Monday, May 2, 2011

Where were you that day?

Millions of us are remembering where we were that day - 911 - how we heard the news - what we felt in those dreadful hours and days that followed.
Like millions of others, I was at work and got a call. Then another in our department got a call and another. As the company videographer, soon I was asked if there was still a cable TV connection in the auditorium and could I get it up and running. Just a few of us gathered to try to understand why a plane had crashed into one of the twin towers and were stunned to watch a second plane hit the other - live - right before our eyes. Within minutes the auditorium was packed. And the tragedy continued to unfold.
I live only a few blocks from work and decided to walk home at noon. It was a perfectly beautiful fall day - now cloaked in an ominous silence. Across the river there was no traffic on Route 322 - NONE. There was no sound of traffic on nearby streets. There were no dogs barking. There were no people anywhere. Silence! Until I neared my home. Then I began to hear the sound of the television broadcast from my neighbor's house. She was hard of hearing - had her windows open - and the broadcast was blaring.
We all grieved for the senseless killing. We all feared for the evil that may be yet to come. It changed our world into one of greater suspicion. Our nation was unified in a need for justice. We went to war.
Yesterday the man responsible for the 911 attacks was killed - 10 years later. Thousands of men and women lost their lives in this struggle. He created fear that has cost the world great freedom of movement. He was an evil man.
I cannot celebrate the killing of this man though I have shared the need for justice to be served. I do not wish to see the blood filled room in which he died. I do not share the need to decide who was right or wrong or should take credit. I grieve.
I grieve that these are the conditions of our world. I grieve that a religious cause created such a man and his followers. I fear that other religious people could create similar men and similar followers. I grieve that in the face of evil, any of us can be driven to want blood. I grieve that evil can inspire any of us to celebrate the spilling of blood.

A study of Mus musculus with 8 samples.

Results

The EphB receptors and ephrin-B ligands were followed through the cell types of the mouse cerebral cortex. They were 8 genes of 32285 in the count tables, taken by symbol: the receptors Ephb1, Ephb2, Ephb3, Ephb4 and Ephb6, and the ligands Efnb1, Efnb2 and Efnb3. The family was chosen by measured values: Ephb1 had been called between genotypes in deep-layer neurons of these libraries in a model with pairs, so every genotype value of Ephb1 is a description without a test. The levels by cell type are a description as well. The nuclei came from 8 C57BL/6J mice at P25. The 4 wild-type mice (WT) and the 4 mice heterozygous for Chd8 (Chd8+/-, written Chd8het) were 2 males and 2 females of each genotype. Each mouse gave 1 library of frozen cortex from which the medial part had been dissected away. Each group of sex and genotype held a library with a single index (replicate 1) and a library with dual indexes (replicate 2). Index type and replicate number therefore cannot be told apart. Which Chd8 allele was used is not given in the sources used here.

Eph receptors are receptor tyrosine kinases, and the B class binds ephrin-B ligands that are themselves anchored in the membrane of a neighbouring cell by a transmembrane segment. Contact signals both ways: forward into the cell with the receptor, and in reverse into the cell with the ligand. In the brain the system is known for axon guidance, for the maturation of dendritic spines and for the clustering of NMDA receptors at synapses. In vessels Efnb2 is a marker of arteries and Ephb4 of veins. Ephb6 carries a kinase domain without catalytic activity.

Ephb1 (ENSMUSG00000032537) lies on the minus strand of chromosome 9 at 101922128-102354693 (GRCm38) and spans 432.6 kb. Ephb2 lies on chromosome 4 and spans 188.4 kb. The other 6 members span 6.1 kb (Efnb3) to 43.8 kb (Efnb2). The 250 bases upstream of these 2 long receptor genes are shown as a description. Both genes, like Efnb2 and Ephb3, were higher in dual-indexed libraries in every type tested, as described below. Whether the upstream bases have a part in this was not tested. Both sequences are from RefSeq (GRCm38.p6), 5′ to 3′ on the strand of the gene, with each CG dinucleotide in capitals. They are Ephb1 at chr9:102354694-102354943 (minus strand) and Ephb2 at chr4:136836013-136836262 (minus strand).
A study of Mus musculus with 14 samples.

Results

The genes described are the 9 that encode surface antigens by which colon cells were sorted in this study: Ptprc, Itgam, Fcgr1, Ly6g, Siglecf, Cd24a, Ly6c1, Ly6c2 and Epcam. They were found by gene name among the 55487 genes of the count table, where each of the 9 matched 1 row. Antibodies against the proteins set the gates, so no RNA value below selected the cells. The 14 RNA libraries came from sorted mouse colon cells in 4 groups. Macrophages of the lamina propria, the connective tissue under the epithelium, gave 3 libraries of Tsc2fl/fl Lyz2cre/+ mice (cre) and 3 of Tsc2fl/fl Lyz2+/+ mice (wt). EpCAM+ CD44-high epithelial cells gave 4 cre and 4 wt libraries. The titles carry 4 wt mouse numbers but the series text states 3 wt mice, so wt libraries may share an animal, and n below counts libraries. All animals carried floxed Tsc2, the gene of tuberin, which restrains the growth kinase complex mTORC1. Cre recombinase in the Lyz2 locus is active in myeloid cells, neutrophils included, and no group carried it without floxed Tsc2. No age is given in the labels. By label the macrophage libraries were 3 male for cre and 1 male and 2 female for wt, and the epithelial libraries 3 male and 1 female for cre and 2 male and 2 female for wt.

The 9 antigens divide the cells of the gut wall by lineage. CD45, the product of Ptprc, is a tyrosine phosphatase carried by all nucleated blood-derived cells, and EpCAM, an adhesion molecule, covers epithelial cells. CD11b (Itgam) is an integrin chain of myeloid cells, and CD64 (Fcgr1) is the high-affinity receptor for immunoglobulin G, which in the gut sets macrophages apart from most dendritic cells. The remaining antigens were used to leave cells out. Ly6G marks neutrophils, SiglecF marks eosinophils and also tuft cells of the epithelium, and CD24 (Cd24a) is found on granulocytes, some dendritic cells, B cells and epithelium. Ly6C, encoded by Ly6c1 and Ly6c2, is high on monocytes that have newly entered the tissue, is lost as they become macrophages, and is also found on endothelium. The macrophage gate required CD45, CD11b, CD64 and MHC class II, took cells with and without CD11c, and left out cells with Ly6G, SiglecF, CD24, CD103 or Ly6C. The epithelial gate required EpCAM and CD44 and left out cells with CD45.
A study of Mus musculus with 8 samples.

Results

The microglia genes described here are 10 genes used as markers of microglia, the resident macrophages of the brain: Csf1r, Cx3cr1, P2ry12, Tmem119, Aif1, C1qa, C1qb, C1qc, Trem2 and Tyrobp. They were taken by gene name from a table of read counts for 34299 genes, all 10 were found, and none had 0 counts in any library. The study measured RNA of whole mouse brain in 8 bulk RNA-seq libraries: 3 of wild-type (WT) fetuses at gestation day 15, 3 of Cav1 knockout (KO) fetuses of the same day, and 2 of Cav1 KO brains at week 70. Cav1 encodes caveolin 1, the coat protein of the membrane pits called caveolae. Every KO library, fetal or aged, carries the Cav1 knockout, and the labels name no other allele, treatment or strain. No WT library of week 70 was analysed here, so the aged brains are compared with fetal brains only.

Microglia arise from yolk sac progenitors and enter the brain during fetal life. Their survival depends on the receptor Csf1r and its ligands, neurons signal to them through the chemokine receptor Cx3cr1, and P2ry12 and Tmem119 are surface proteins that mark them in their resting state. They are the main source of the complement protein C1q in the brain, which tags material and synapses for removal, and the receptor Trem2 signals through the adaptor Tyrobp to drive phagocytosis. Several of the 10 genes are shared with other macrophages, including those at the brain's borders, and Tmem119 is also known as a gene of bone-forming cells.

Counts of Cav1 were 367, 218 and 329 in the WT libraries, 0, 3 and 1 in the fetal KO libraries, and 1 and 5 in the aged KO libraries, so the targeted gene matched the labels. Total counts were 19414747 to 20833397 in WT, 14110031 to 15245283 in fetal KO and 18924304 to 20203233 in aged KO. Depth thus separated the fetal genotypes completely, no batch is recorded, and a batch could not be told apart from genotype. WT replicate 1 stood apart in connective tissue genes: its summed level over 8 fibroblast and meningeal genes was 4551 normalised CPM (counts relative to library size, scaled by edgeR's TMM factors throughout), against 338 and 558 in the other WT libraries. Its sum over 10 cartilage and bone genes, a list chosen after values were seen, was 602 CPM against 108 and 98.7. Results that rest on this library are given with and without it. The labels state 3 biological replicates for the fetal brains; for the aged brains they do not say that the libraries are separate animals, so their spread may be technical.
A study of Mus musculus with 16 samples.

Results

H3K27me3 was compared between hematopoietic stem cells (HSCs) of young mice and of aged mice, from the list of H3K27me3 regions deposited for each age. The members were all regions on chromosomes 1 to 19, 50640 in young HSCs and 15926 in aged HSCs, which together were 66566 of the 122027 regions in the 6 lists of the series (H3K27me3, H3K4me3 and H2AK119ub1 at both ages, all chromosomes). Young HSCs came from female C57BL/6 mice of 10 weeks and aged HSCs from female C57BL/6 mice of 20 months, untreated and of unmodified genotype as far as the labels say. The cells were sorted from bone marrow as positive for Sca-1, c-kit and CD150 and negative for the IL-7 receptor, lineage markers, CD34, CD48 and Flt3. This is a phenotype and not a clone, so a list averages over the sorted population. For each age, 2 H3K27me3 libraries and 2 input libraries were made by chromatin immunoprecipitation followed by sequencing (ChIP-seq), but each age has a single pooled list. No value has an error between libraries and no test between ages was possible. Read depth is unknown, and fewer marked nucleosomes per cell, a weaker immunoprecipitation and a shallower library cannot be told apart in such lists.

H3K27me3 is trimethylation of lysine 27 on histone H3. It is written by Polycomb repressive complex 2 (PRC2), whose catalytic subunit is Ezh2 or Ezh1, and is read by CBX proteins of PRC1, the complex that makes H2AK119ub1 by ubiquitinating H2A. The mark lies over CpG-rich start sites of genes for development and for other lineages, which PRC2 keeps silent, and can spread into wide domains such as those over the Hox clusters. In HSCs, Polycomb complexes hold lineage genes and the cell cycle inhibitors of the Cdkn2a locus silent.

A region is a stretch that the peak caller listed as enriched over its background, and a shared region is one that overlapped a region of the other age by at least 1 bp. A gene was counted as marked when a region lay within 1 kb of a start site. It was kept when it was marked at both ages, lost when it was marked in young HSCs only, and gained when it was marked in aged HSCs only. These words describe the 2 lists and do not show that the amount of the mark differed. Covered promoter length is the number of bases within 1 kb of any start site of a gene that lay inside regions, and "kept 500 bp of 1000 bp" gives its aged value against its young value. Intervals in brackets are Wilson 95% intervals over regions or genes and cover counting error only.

I long for peace. I long for the safe return of all our troops who bravely serve believing they are preserving our freedom. I long for freedom in the world that can only come from peace. "When will we ever learn."


  1. One of humanities greatest tragedies is that we take beautiful,gentle religions and use them as excuses for war. 'Twas always thus.

    I yearn for when we can celebrate our differences instead of reacting in fear and suspicion.

  2. "I will mourn the loss of thousands of precious lives, but I will not rejoice in the death of one, not even an enemy. Returning hate for hate multiplies hate, adding deeper darkness to a night already devoid of stars. Darkness cannot drive out darkness: only light can do that. Hate cannot drive out hate, only love can do that." - Martin Luther King, Jr.

  3. All I can say is Amen. - S Shimko

  4. Working in the airport & for the ailines, we won't forget that day any time soon. We are constantly reminded of 9/11. I am reminded of it everytime I pass through security, and hear the colorful announcements of what the security level is today. (We humously want to change the security level descriptions from Yellow, Orange and Red to Lemon, Peach and Strawberry, but "security is not a joking matter"). I am reminded the "religious" aspect when I hear the "Lord's name" as we pass through the security check point (forgetting that a cell phone or work radio was left attached to your waist. I am reminded when I see that I have another notice in my email daily that some security directive has been updated or implemented..., I don't think I'll forget any time soon. The sad part is, I can't say that I feel any safer, either.